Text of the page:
I am in my “pre-teen” in terms of my “Twitter year” and enjoying the experience. Many of my friends and colleagues have expressed their surprise at my not having a Facebook page (For the record, I do have one but do not do anything with it). Those who “facebook” swear by its usefulness in reaching out to the wider social world. It has also been used during the Tibetan elections of 2010-2011. However, even though Facebook may be good, I have decided that it is not my cup of tea.
On the other hand, if you handle it well, Twitter has the advantage of enabling you to be constantly in an interactive conversation. One can moderate how this conversation will go by selecting who one follows. For example, my primary interest is in Tibet, Bhutan and the United States. Accordingly, I @bhuchungtsering have chosen to follow individuals who enable me to follow developments on these fronts. Additionally, language-wise, I have opted to tweet primarily in Tibetan (this also made me limit my following). This is for two reasons. I am constantly aware of the question of my individual identity, and language being the path towards strengthening it. I know my weakness in Tibetan and so this is a way to challenge myself to improve my command over the language. My friends and followers do seem to feel that I show improvement on this front. The second reason is to encourage my fellow Tibetans, particularly the younger ones some of whom feel learning Tibetan has no relevance to today’s modernized world. By showing that Tibetan can be used on as modern a channel as Twitter or in my blog (I have a blog both in English and Tibetan) I am making an effort to let them know that twitting in Tibetan is fun.
Obviously, since tweeting in Tibetan is almost all done by Tibetans, I can’t name each and everyone of them. But I do enjoy reading the postings by @Chungtse, a Tibetan writer and scholar (whose day job is with the Department of Education in Dharamsala). I also follow the comments by @Toyikadom, who is a parliamentarian and who has a knack for looking at developments. I also follow some Tibetan journalists, including @MyYak and @Sherabt, as well as civil servants like @yidingneng, @kalsangt and @tenzinsewo. Then there are monks like @rasaphonya and @shaalenbu. They are all quite active in tweeting in Tibetan.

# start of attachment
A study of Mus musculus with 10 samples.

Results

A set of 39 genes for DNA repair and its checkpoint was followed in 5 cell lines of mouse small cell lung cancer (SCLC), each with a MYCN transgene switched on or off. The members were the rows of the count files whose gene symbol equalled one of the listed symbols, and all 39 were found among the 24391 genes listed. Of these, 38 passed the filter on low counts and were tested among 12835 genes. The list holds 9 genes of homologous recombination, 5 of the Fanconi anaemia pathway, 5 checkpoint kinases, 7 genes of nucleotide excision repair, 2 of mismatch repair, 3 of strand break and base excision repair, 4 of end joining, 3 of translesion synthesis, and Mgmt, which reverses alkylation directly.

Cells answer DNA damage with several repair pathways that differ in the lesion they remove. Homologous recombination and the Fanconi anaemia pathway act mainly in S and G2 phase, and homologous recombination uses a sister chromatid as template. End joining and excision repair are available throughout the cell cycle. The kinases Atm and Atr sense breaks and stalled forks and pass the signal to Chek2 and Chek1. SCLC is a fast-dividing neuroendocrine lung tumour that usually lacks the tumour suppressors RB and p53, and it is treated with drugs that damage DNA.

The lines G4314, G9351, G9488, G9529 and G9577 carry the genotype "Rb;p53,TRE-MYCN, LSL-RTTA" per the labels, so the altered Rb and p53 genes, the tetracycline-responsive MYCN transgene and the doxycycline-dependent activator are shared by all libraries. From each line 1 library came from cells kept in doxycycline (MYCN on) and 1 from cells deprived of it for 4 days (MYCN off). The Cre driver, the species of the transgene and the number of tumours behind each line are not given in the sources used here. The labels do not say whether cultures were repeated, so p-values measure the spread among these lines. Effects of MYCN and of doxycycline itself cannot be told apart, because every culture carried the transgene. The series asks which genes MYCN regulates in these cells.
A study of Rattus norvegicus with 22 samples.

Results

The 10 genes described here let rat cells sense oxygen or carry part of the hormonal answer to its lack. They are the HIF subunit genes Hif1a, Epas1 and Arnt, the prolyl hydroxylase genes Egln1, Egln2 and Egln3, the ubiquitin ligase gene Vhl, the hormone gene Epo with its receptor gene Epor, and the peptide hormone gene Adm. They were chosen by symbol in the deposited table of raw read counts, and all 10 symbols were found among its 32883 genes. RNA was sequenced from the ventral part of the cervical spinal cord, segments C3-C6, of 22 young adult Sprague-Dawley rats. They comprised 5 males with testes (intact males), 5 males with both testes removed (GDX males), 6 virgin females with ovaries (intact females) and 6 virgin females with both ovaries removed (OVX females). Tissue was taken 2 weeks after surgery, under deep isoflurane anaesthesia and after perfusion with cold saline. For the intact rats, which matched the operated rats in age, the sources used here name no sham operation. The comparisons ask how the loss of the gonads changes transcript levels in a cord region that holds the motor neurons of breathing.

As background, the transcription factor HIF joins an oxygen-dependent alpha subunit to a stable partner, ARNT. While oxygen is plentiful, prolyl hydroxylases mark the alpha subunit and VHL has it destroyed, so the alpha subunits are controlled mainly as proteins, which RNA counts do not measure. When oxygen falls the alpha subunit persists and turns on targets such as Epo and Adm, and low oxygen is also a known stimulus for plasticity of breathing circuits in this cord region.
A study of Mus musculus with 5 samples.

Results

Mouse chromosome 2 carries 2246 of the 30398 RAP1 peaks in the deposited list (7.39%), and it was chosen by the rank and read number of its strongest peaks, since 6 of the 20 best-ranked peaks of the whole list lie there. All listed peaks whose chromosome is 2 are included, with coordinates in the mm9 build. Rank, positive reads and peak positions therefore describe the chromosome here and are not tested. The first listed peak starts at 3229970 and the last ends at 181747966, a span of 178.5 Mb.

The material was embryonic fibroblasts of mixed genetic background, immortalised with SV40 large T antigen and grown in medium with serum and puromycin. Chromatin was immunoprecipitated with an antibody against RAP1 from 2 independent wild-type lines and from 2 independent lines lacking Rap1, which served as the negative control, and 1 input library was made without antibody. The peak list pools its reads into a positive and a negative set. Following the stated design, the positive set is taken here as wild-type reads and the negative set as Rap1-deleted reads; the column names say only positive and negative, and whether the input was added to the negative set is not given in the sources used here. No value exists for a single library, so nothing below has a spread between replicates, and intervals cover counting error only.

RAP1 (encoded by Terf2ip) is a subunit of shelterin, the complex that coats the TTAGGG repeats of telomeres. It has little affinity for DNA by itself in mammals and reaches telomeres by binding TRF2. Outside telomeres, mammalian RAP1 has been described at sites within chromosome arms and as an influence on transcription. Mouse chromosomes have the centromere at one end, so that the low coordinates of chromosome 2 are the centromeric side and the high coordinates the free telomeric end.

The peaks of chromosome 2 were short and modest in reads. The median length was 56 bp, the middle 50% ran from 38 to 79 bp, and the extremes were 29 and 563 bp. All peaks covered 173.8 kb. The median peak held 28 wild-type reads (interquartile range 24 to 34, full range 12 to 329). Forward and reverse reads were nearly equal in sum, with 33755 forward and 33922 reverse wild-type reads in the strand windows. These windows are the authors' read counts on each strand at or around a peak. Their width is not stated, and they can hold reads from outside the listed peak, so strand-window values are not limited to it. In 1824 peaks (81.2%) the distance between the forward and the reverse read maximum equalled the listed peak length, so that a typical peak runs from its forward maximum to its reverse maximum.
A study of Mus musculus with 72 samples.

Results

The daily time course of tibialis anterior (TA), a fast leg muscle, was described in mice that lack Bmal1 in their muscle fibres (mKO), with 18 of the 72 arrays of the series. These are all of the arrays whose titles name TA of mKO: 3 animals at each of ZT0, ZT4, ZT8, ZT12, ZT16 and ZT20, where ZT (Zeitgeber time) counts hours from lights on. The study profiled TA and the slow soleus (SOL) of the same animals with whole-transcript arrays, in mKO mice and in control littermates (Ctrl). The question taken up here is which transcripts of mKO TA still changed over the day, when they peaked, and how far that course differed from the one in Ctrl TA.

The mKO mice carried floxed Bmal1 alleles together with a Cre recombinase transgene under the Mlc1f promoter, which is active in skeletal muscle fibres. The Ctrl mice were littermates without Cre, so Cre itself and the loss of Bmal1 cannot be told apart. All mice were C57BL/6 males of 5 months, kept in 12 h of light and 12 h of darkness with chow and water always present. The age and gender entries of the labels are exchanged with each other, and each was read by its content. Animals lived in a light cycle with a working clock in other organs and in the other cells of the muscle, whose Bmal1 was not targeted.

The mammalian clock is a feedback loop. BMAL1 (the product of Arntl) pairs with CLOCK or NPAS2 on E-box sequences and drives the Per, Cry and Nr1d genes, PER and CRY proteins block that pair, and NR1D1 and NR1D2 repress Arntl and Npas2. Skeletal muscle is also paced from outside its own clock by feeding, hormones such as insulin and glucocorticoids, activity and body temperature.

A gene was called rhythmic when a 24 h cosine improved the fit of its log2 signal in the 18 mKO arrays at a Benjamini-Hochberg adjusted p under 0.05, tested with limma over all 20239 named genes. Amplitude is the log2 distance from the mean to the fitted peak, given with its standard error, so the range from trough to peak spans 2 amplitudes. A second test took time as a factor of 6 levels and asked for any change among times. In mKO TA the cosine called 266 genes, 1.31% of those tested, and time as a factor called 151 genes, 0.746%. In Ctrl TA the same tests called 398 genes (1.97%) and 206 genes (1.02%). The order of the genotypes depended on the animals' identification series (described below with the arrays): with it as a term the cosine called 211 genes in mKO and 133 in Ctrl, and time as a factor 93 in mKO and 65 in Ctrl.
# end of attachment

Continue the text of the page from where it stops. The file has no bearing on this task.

There are some Tibetans who tweet from Tibet and I value their postings, which are not only informative but also meaningful. I admire the effort they put in being on this social network in comparison to those of us who are in the free world who just have to think of having an access to a computer and internet connection, and nothing else.
As for Bhutan, I have always had a fascination for this brother country of ours. I come from a place in Tibet that is on the other side of Jomo Lhari, the mountain that is sacred to both Tibetans and Bhutanese. I am also fasicinated by how the Bhutanese society is trying to preserve and protect its identity while keeping up with the times. While the the modern history of Tibet and the Tibetan people have been wakeup calls to Bhutan in many ways, I see there are lessons from Bhutan for the Tibetans in diaspora, too. I maintain communication with some Bhutanese in order to exchange views and provide an “outsider’s” perspective of developments in the Bhutanese society.
I follow quite some Bhutanese. There is @tsheringtobgay, who is a parliamentarian (he is in fact the opposition leader there) who constantly uses twitter for his political advocacy. Then there is writer @SonamOngmo, who is a passionate Bhutanese and takes every opportunity to espouse the rights of Bhutanese citizens. Among the younger generation, I keenly follow the tweets of @yiwangpindarica, whose postings give me much insight into the mindset of the new generation of Bhutanese. She is a journalist and has an interesting outlook on happenings around her. I follow @URangdol, for his forthright and candid take on things Bhutan, big and small. He is a student in Bangkok, I think.
Unfortunately, I am yet to come across a Bhutanese who has opted to tweet in Dzongkha although there are some who do write an occasional word or two, whether it is a mantra or even their name. I have conveyed my views to some of them that using Dzongkha on such fora as Twitter and Blogs may be a way to promote their language to the younger generation.
While I have met some Westerners who have told me they read my tweets in Tibetan, the only “inji” who occasionally tweet in Tibetan may be @AmaliaSings, “American singer of Tibetan music.”
The above are some of the twitter handles that I have been following for a long time. In recent times more people have started tweeting in Tibetan, which is a welcome development. Also, if you look at the list of individuals that I follow there are officials, political activists (@tendor), scholars (@lhatseri ), IT Geeks (@phuntsokdorjee), monks, etc. They do not tweet regularly in Tibetan, though.
All in all, the Twitter provides all of us a level playing field irrespective of our individual status and we can indulge in spontaneous conversations across time zones.